A New York woman who received a Biomet M2a Magnum hip implant in May 2009 has filed a lawsuit alleging that the hip’s design is defective and that her surgeon would not have implanted the device if the defendants had not misrepresented the device as safe and effective.
The lawsuit alleges that the hip system failed, causing the plaintiff severe pain and forcing her to undergo complex, risky revision surgery to replace the implant. Court documents explain that revision surgery is generally more complex than initial implantation because there is less bone left to work with. Revision surgery often has a higher rate of complications.
The Biomet M2a Magnum is a type of metal-on-metal hip implant. This class of hip implant has come under increasing scrutiny because of reports of high failure rates and because metal-on-metal hips release metallic debris into surrounding tissue and the blood. The lawsuit alleges that by the time of the plaintiff’s original surgery, the defendants were aware of more than 100 adverse event reports linked to the device but they failed to disclose this information.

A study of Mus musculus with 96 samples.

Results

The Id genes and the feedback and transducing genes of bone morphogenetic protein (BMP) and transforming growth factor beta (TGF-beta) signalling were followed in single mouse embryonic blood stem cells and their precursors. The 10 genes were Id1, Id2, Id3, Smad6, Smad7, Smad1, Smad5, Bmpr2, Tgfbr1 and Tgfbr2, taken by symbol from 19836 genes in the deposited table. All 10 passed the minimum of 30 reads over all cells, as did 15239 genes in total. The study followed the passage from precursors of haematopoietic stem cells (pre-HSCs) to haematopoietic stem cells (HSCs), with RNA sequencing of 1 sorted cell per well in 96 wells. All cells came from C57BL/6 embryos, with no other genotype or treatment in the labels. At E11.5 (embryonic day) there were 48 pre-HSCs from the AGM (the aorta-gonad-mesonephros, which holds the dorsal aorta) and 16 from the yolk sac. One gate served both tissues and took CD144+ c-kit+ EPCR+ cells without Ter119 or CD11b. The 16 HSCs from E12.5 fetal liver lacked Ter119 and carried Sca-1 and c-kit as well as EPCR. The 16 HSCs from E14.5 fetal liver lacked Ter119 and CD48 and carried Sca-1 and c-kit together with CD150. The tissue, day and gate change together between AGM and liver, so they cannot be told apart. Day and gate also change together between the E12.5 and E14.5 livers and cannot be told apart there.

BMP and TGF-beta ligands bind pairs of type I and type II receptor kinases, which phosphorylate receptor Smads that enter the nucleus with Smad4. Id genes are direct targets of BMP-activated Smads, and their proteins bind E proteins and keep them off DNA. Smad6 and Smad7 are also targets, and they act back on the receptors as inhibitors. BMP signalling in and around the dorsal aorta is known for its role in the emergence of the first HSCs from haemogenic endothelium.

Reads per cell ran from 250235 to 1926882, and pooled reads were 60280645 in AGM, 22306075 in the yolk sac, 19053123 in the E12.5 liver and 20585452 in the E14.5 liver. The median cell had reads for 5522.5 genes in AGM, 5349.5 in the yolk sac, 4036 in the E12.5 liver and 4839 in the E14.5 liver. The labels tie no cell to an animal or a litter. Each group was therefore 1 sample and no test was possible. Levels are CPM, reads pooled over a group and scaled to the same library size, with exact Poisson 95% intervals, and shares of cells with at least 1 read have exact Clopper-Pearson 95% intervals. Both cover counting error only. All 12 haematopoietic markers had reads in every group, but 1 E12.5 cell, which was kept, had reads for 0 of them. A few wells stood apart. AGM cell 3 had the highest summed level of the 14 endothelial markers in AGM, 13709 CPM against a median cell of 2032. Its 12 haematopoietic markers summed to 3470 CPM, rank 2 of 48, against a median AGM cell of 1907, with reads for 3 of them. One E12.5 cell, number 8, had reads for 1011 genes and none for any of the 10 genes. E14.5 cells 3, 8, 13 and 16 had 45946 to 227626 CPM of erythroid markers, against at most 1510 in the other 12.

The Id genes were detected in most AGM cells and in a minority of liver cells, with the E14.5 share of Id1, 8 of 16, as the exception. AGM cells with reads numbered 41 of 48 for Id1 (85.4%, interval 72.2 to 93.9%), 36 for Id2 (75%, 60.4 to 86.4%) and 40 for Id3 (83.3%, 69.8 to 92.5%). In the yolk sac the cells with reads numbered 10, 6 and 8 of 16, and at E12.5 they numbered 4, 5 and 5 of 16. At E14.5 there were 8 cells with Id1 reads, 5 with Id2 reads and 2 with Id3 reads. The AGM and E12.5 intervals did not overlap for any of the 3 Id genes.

In January, the U.S. Food and Drug Administration (FDA) released new guidelines for patients implanted with all-metal devices. The agency advised physical examinations, diagnostic imaging and metal ion testing in symptomatic patients.
Parker Waichman LLP filed the lawsuit on March 26, 2013 in the U.S. District Court for the Northern District of Indiana, South Bend Division (Case No. 3:13-cv-230). It is one of many cases pending in the multidistrict litigation entitled In re: Biomet M2a Magnum Hip Implants Products Liability Litigation (MDL No. 3:12-md-2391).